Edinburgh, Fife & East Scotland

Council reveals £314m overhaul of Edinburgh centre

George IV Bridge Image copyright City of Edinburgh Council
Image caption George IV Bridge will have cycle lanes and more space for pedestrians

A transformation of Edinburgh city centre's roads has been revealed in a £314m 10-year plan.

The overhaul will give priority to pedestrians and cyclists and see many key streets closed to traffic.

It includes ambitious cycling infrastructure projects, a trial of a city "hopper" bus and car-free streets in the Old Town.

The Edinburgh City Centre Transformation document will be considered by councillors on Thursday.

The strategy has been published after about 80% of locals backed the vision in the second round of public consultation.

High Street closed

As part of the strategy, Cockburn Street, Forrest Road, Victoria Street, Waverley Bridge and Lawnmarket will close to traffic - while Bank Street will be shut except for buses and taxis and Candlemaker Row will only be open to buses.

The High Street is also set to be closed to traffic between North Bridge and St Mary's Street.

The strategy also includes proposals for "reallocation of traffic lanes" on a host of streets including Cowgate, the Bridges corridor, Lothian Road, St Andrew Square and Princes Street.

Image copyright City of Edinburgh Council
Image caption Forrest Road will close to traffic completely

Phase one of the project would take place over the next five years, including the closure of Waverley Bridge in conjunction with Network Rail's Waverley Masterplan.

However, more than £300m will need to be found for the final phase of the strategy, which includes creating a tree-lined boulevard on Lothian Road, integrated public transport ticketing and timetabling and a new cycling and walking bridge linking Old Town and New Town.

Officials say that the project could potentially generate £420m of "quantifiable benefits" based on £314.6m of investment.

'Head in the stars, feet on the ground'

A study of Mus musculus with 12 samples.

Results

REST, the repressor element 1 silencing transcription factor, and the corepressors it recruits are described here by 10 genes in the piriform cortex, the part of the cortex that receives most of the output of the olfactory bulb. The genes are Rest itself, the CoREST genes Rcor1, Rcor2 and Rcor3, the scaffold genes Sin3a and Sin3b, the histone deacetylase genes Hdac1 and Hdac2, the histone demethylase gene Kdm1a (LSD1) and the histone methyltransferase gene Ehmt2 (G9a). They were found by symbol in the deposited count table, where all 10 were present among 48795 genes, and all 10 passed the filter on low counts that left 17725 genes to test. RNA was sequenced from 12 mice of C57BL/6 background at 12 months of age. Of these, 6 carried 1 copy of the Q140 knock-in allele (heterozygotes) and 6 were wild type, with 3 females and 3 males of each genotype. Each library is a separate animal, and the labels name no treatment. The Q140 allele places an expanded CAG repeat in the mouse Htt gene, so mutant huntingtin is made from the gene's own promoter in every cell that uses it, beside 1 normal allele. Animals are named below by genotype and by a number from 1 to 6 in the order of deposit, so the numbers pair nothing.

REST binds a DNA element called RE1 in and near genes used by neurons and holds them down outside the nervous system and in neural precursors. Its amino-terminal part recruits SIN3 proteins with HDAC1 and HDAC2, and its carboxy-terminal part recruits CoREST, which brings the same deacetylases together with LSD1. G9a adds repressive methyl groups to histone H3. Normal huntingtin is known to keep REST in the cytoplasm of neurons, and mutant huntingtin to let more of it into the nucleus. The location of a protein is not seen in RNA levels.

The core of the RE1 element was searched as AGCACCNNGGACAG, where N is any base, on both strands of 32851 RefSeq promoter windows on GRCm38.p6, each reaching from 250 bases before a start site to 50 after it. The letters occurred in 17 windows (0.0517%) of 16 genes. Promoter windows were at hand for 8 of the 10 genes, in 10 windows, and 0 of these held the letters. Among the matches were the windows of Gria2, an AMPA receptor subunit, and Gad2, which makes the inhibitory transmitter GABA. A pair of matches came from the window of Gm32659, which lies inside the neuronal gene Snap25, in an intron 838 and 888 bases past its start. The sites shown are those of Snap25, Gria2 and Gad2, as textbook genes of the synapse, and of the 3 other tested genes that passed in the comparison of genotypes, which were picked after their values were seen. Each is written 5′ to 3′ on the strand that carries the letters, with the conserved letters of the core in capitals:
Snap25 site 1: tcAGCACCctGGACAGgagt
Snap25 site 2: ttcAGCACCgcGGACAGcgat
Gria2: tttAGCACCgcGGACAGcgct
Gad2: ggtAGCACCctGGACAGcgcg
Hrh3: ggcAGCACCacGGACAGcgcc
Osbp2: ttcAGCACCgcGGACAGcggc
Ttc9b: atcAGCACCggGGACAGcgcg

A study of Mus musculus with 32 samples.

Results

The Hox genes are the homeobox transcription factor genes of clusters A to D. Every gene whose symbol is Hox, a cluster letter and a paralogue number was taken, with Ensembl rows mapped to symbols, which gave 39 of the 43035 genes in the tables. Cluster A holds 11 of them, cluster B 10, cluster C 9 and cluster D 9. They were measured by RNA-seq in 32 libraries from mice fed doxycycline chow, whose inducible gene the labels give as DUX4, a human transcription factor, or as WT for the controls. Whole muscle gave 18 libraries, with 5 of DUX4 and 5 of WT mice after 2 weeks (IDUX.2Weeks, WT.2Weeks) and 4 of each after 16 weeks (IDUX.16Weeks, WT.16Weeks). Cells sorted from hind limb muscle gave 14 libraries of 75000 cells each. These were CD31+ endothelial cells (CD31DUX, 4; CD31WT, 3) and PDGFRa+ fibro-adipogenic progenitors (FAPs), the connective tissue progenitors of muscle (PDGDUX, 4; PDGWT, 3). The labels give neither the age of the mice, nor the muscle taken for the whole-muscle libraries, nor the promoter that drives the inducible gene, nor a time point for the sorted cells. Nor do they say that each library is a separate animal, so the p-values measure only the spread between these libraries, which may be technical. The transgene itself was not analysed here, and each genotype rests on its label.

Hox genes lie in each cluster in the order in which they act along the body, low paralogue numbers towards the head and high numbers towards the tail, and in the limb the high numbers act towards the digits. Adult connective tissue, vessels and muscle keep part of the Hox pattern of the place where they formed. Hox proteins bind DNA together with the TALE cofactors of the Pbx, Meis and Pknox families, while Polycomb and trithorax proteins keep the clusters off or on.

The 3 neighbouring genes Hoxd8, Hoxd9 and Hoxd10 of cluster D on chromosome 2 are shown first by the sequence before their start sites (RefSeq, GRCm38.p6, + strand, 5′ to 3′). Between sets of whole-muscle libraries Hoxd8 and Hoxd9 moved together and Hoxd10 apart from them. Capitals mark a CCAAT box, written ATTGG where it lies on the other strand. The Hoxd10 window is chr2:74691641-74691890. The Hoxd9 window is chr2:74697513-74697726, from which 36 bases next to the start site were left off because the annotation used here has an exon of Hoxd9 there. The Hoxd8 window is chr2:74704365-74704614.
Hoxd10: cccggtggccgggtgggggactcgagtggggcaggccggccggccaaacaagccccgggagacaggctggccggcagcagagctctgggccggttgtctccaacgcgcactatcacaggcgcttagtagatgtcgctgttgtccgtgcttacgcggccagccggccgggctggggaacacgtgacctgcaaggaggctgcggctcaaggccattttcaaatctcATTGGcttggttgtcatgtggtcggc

Proposals for a city centre tram "spur link" to join up a network if the line is extended north to south in the future has not officially been included in the proposals, but space has been left if plans are progressed.

Project director Daisy Narayanan said the vision had "a head in the stars, feet on the ground approach".

She said: "Phase one of the project we have funding for already, phase two is feasibility studies which we are hoping to have about £1.5m for and phase three is £310m capital and £4m of revenue - it's a very cautious figure. It's making sure the delivery plan is rooted in reality and we can deliver it.

Image copyright City of Edinburgh Council
Image caption The bottom of The Mound has a two-way cycle lane

"If and when tram line three happens, the business case should include the spur line. As a city centre, we think that spur is necessary. It's not part of the costs, but if there is a tram line three, it is future-proofing the city centre."

Under the plans, the city centre would feel more welcoming to pedestrians.

Footpaths will be widened on key walking routes - with traffic lanes removed to make way. A pedestrian priority zone would be created in the city centre "where people have priority and vehicles are guests".

The strategy also points to a "reduced volume of buses crossing the city centre without a loss in the routes served" - while bus journeys will be speeded up "through signal prioritisation and bus-stop rationalisation".

Transport and environment convener Lesley Macinnes, said: "This is broadly what we think we will be doing across 10 years. A big part of that is laying out a programme of delivery for 10 years and our funding strategy. We are building a degree of flexibility into that.

Image copyright City of Edinburgh Council
Image caption People and cycles have priority at George IV Bridge at Bedlam Theatre

"We really are attempting to do this in as comprehensive, informed and intelligent way to make sure we end up delivering the right thing at the right time. Everybody is moving in the same direction - we would be a foolish city if we turned around and headed back down the other side of the motorway.

"The principle of a north-south tram link is clear. But how we deliver it is based on all sorts of aspects of parliamentary legislation, our ability to purchase bits of land. There's an awful long way to us saying this is the form that north-south link would take and where it would go. There's a lot of conversation to happen."